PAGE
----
The claim that Iraqis “must” have “asylum” in Europe is rapidly collapsing with the news that recent military victories against ISIS in both Syria and Iraq have already seen more than 1.5 million internally displaced Iraqi nationals return to their homes.
A coffee shop re-opens in the village of Gwer, near Mosul, with help from an IOM business enhancement support package.
According to new figures released by the United Nations’ International Organization for Migration (IOM), their “Displacement Tracking Matrix” (DTM) has “identified a recent spike of internally displaced persons (IDPs) returning to their location of origin across the country.”
The IOM’s DTM identified a cumulative total of 217,764 IDPs (36,294 families) displaced as a result of the Mosul military operations that started on October 17, 2016.
Yet as of February 17, 2017, only 160,302 individuals (26,717 families) remain displaced; and of these, 93 percent are hosted in Ninewa Governorate. This is important because most (78 percent) of those displaced are from the Mosul district in Ninewa Governorate.
“The remaining 57,462 individuals (9,577 families) have returned to their location of origin,” the IOM report said.
Since 2014, the DTM has identified over three million internally displaced persons (a total of 505,000 families) dispersed across 3,661 locations in Iraq.
“Yet for the same period, DTM has recorded nearly 1.5 million returnees (a total of 249,327 families), that is, IDPs who believe their communities are safe enough now to return to. This represents an overall increase in the returnee population of 7 percent (98,946 individuals) just in the past month,” the IOM report added.
“With Iraq’s military retaking areas from ISIL, IOM has provided figures and identified locations of significant returns, which will facilitate the efforts of the Government and humanitarian agencies in directing assistance for people likely to return to their homes this year.
“During the spring and summer of 2016, IDPs began returning to retaken areas of Anbar Governorate. By early February 2017, Anbar recorded the highest increase in returnees—73,386 individuals—to districts including Falluja, Ramadi and Heet. Smaller numbers of IDPs returning were recorded in the districts of Salah al-Din, including Al-Shirqat and Tikrit.”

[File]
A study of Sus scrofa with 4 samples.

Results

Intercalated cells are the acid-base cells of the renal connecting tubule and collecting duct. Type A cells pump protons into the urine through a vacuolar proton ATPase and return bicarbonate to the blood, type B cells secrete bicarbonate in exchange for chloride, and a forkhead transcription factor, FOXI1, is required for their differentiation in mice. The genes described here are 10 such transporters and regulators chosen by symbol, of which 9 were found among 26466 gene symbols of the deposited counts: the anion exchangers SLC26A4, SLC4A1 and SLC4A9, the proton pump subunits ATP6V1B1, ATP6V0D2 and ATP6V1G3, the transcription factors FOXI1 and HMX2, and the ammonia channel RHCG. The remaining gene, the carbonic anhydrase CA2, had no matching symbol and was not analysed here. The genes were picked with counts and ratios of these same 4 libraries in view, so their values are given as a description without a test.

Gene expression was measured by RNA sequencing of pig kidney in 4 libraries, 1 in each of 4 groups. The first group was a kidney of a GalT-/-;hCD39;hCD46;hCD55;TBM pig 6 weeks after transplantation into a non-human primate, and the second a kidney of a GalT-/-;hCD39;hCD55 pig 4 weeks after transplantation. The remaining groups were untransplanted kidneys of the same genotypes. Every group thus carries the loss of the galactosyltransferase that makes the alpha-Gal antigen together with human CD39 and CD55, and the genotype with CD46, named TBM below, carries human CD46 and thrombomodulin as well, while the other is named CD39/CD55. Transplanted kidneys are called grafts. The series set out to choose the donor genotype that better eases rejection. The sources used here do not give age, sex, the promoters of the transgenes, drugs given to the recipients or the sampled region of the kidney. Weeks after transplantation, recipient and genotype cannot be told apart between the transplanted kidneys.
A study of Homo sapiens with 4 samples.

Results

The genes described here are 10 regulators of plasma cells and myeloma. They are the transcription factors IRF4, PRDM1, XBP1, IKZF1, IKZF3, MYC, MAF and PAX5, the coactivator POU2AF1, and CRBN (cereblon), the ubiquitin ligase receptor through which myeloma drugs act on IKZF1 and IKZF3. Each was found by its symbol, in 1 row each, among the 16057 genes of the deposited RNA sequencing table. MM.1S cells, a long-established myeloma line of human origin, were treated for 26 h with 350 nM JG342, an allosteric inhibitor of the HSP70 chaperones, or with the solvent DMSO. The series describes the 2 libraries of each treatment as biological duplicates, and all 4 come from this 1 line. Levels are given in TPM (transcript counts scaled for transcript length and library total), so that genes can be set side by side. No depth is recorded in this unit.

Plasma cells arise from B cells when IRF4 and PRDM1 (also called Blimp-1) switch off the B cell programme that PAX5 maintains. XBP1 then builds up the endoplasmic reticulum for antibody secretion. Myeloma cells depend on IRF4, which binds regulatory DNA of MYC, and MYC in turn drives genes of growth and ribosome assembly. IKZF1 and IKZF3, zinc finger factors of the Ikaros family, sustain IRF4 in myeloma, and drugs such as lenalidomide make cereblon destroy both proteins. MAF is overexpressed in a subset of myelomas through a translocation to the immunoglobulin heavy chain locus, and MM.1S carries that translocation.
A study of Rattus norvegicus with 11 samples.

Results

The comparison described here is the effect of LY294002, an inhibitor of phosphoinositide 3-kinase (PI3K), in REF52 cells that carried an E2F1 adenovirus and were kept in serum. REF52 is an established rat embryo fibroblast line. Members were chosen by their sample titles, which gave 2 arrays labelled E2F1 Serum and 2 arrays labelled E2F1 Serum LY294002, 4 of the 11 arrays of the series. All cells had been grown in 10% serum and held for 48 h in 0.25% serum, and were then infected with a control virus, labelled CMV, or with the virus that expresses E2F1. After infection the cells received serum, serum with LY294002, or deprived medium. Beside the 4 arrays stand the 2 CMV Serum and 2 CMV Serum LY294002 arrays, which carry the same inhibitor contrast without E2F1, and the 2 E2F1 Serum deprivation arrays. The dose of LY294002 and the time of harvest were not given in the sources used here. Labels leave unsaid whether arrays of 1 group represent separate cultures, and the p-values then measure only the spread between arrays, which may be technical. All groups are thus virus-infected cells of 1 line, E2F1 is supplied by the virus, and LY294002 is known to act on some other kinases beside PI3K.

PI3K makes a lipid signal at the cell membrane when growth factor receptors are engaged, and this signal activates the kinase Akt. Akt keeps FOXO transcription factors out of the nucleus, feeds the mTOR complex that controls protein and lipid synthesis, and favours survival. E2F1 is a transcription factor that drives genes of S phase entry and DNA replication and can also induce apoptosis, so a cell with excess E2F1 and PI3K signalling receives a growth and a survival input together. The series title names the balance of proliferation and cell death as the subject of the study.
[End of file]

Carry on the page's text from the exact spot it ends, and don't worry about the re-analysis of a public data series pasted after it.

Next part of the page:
IOM Iraq Chief of Mission Thomas Weiss said in a statement that his organization was “providing returning Iraqis with a variety of support mechanisms including shelter rehabilitation, livelihoods, non-food items, and light infrastructure projects, to support their ability to resume their lives and provide for their families.”
In the town of Gwer, IOM is currently the only organization working with returnees. “Thanks to IOM’s livelihoods programs, people are encouraged to return because they receive support in finding employment or income-generating activities,” said Herash Husain Hasan, Gwer’s Mayor. “That helps them to rebuild their homes.”
In Gwer, nearly 200 individuals recently benefitted from 26 business support packages and 6 business enhancement packages. These packages are supporting a coffee shop, barbershop, bakery, butcher, hairdresser, and a clothing shop.
IOM is also rehabilitating Gwer’s health center, re-wiring its electrical system, painting, plastering, plumbing, and providing furniture. The works began in February and will be completed by the end of March 2017.
While the health center is being rehabilitated, an IOM medical team in Gwer is operating out of two caravans, providing health consultations and medicines for adults and children. Since November 2016, the team has provided more than 3,500 primary healthcare consultations.
In an effort to support further returns of displaced populations in Iraq, IOM is chairing the Returns Working Group (RWG), established by the UN Humanitarian Country Team to develop recommendations for Iraqi governorates affected by returns and to provide technical advice to humanitarian partners, government authorities, and civil society organizations to support returns in accordance with international standards.
The report reveals clearly that even in Iraq, the excuse for claiming “asylum” in Europe—or anywhere, for that matter—is increasingly hollow, because there have always been safe areas inside Iraq to which they could have fled.
The military defeats being inflicted on ISIS, and the IOM’s open admission that more than half of all Iraqis internally displaced since 2014 have been able to return home, demonstrates that those Iraqis claiming to be refugees, and parasiting off European taxpayers, are merely swindlers exploiting deluded liberal sentiments.